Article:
Revving Into A Saasy Future

Carmakers stare at a tussle between their SaaS-based subscription business model for additional revenue and a reluctant customer. Who will win this round?

Published 5 months ago on Sep 01, 2022 9 minutes Read

Imagine you live in a cold place. You are on your way back home after a long day at work and it is 5° Celsius outside. The frost on the ground and cold winds make you want to snuggle into your BMW and you reach out to switch on the heated car seat feature to feel warm again. Shockingly, you discover that you must pay a monthly subscription to activate the already installed heated seats in your vehicle. Now, is that not a bummer?

Most car owners were stunned just like that when BMW recently announced that it would charge $18 a month, $180 annually or $450 for the car’s lifetime to activate the heated car seat functionality in Japan, Malaysia, South Africa and several European countries. They felt that this move was unwarranted because they had bought the car with all the necessary components. However, the automobile company placed a software block on their functionality, and buyers had to pay to remove this restriction.

Those not convinced by the subscription model have the option of buying this and other features outright individually. For instance, in the UK, the electronically controlled adaptive M suspension feature can be added retrospectively for £399 through BMW’s website. Similarly, a heated steering wheel will cost customers £200 in the UK and NZ$350 in New Zealand or they can opt for a subscription—for three years (£150, NZ$250), annually (£100, NZ$250) or monthly (£10, NZ$20).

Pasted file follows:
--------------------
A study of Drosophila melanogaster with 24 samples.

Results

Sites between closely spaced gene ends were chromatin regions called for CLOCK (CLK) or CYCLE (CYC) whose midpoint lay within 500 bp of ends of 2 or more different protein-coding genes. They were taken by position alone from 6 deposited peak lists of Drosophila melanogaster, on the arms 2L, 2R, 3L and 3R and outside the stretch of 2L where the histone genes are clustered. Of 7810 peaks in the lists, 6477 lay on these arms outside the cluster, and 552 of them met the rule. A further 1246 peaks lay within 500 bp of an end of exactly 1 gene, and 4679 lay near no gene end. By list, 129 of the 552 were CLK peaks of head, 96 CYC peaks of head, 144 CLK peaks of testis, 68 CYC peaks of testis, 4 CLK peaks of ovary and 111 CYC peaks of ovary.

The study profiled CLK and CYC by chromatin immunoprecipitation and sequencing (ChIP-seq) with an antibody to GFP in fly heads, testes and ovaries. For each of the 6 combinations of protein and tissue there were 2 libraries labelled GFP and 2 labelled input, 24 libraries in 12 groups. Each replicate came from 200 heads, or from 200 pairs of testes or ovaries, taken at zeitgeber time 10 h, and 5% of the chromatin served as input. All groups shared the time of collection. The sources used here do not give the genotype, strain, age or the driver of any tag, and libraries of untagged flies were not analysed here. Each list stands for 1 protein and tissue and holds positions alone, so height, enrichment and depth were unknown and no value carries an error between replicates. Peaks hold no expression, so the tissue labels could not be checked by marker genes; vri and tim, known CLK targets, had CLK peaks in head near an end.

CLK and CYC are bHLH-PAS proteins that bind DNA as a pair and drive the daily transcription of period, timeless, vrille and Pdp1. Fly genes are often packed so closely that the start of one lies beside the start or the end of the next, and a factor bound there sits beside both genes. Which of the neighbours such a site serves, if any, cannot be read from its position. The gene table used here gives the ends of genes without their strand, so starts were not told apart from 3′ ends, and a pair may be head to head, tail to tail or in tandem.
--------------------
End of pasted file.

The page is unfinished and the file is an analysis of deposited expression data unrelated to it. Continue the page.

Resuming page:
This is not the first time BMW has ventured into the software-as-a-service (SaaS) domain. It first steered into this sector in 2019 when it decided to charge $80 per year or $300 for a 240-month subscription to use Apple CarPlay, a feature many owners consider essential and one that even the cheapest cars provide for free.

Mumbai-based Jaya Khanna, a Mercedes-Benz car owner, however, is reluctant to pay for features like live traffic information, remote engine start through an app or online voice control if such services came to India. “I can always use Google Maps for route planning or predictive navigation. Why would I pay additional fees for this or other services?” she questions. “I have already paid a premium for a high-end car. So, the hardware and the software under the bonnet and within the car should belong to me,” Khanna asserts.

SaaS Pioneers of Auto

BMW is far from being the first auto company to offer paid subscription services. OnStar Corporation, a subsidiary of General Motors (GM), has been providing subscription-based communications, in-vehicle security, emergency services, hands-free calling, turn-by-turn navigation and remote diagnostics systems for over two decades in the US, Canada, China, Mexico, Europe, Brazil and Argentina.